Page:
3D printed runway dresses

In the past few years, tech fashion has gone from a geeky approximation of fashion to a commercially viable market, even if that "market" is currently focused on pushing out half-hearted attempts at cramming a mobile device in various accessories in order to capitalize on our collective obsession with being plugged in. Wearables may be lucrative, but 3D printing is poised to revolutionize the product manufacturing industry just as soon as they figure out a way to make the printers more efficient and cost effective. In the meantime, it's comforting to see the shift away from pseudo-futuristic sci-fi wear to something the general public can get on board with. Not even high fashion can make heavily LED-lit, holo-print, or—heaven forbid—tweeting attire look cool.

img search for light up rave attire
I suppose they do have the raver market cornered, though.

3D-printed fashion opens the door for clothing designers to put the spotlight on concepts that are out of the realm of possibility for traditional materials, such as this collection from Dutch designer Iris van Herpen who collaborated with a major 3D printer manufacturer to create a line for Paris Fashion Week in 2013. Herpen and her team employed precise geometric patterns to create stunning, impossibly intricate garments that quite literally showcase the beauty of movement.

black 3d printed dress
There's something truly satisfying about the geometric elegance of printed attire.

While the designs for 3D-printed clothing are undoubtably gorgeous, it's a challenge to coax the printing material into something that resembles the natural flow of fabric. Current design software has serious limitations in this regard but it isn't impossible. Nervous Systems designed a cute floral dress with a geometric algorithm specifically formulated to imitate fabric. It took the studio an entire year after initial concept creation to work out the kinks in order to successfully print it, but damn if it isn't magnificent.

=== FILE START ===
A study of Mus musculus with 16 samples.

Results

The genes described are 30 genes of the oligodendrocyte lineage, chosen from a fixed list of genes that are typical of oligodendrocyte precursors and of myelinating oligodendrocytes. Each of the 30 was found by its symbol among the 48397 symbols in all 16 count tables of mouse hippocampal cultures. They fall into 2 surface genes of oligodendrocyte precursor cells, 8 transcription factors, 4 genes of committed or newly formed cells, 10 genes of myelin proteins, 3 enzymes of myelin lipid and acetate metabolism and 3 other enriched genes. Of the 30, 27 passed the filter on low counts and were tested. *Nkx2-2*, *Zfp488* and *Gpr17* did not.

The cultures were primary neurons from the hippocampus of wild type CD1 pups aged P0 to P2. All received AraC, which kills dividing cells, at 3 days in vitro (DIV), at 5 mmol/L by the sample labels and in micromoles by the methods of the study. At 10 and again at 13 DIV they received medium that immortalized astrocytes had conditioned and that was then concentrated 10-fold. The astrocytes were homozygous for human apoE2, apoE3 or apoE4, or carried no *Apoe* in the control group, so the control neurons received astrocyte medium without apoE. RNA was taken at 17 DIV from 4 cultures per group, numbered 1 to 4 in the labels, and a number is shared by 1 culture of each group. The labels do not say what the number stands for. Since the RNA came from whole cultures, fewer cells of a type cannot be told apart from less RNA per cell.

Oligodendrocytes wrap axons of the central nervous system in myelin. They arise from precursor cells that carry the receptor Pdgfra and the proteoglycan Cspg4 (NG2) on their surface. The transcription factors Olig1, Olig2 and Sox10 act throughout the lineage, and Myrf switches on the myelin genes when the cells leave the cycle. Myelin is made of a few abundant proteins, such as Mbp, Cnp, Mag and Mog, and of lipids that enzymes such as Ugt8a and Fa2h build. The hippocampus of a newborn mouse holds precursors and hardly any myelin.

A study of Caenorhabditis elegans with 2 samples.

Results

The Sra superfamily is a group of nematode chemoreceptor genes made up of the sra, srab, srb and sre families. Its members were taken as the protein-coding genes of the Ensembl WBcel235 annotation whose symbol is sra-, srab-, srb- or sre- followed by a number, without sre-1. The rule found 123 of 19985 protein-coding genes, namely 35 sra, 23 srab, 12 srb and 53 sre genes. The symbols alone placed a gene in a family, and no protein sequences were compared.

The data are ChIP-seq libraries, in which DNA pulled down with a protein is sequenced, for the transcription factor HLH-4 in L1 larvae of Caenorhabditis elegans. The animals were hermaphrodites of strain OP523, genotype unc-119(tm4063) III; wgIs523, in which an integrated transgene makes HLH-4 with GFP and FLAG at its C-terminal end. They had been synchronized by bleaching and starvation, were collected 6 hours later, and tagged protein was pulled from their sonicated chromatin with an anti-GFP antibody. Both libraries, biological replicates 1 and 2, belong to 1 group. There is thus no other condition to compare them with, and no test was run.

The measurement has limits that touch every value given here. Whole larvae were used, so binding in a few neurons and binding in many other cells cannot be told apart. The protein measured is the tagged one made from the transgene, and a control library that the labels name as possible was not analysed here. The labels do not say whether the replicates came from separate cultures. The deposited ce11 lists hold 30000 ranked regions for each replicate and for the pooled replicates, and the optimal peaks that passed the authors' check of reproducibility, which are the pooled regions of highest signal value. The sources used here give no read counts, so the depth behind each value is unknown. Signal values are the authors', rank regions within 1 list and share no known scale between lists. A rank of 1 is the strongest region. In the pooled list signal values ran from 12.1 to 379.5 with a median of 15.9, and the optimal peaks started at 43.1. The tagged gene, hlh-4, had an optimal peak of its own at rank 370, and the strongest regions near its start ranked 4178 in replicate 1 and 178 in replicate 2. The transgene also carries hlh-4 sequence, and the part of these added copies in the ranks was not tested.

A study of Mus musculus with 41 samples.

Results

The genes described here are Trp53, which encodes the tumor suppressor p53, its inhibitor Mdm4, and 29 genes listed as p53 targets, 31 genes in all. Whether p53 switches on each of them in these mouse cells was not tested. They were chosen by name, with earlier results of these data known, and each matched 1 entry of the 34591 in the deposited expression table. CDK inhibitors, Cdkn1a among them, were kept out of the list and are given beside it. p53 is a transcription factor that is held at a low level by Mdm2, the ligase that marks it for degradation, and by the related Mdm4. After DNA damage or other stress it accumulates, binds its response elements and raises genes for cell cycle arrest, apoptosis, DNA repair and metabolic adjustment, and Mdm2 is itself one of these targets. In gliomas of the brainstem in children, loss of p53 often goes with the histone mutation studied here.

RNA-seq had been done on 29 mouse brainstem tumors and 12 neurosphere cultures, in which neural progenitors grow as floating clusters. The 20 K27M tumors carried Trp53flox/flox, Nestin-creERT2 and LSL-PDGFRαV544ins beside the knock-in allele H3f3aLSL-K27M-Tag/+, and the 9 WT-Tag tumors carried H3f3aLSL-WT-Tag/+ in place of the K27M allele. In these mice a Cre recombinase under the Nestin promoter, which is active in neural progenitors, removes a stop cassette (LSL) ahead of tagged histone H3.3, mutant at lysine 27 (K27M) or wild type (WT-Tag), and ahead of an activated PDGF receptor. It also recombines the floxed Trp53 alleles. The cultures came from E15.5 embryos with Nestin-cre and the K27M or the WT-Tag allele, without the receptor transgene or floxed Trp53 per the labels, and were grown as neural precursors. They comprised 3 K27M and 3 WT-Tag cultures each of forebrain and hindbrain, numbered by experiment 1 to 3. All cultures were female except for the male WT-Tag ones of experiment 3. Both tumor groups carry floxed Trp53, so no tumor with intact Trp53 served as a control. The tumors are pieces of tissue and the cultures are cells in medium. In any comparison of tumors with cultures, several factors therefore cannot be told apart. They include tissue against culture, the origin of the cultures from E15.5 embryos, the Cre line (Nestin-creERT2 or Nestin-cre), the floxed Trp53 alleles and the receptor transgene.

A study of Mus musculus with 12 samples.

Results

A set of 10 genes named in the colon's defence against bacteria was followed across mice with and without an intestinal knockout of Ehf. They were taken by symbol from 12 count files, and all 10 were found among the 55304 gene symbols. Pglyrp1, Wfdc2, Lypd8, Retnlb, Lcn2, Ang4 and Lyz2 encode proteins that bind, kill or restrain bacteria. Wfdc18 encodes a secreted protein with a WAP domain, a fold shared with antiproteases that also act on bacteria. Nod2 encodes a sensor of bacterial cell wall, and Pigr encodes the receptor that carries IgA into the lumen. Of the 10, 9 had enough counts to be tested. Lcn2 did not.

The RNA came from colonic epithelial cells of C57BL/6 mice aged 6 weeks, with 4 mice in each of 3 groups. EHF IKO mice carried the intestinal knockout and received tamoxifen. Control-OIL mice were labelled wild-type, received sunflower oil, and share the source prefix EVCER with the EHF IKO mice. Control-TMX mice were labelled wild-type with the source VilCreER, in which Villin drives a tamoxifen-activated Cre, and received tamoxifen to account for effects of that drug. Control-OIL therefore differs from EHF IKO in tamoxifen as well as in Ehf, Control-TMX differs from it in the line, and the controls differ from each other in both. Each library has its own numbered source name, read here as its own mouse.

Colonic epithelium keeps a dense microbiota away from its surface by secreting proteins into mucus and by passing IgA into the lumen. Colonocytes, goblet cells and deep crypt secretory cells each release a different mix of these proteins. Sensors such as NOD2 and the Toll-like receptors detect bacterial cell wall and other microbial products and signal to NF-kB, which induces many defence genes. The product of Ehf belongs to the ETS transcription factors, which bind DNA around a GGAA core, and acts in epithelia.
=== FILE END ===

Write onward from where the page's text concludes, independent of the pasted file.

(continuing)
Nervous System's floral 3D printed dress

The dress takes two days to print and costs about $3,000 to make, so don't expect to see this (or any other printed piece) in your wardrobe any time soon.

It's far more likely that the first printed items we'll start assimilating into our collections are shoes and accessories, which is admittedly more exciting to me. I can't be the only one who thinks shoe shopping is a hassle, right? I always struggle with finding the perfect shoes for an ensemble, so naturally a print-your-own thing appeals to me.

3D printed shoes

And matching accessories? Yes please. Geometric designs are in style right now, so can we get on this?

3D printed jewelry
This amazing collection is from MYBF

Crazy shoes and statement pieces aren't usually made from textiles, so there's more focus on aesthetic. The caveat here is that the results are sometimes strongly reminiscent of the 80s when jellies and cheesy costume jewelry were popular.

We're not a long way off from seeing 3D printers as an everyday household item. In fact, there are already several affordable models available, though they're obviously limited in functionality and I can't vouch for their their quality besides. Still, how cool would it be to pop out ready-made clothes or accessories from your very own magic item-making machine?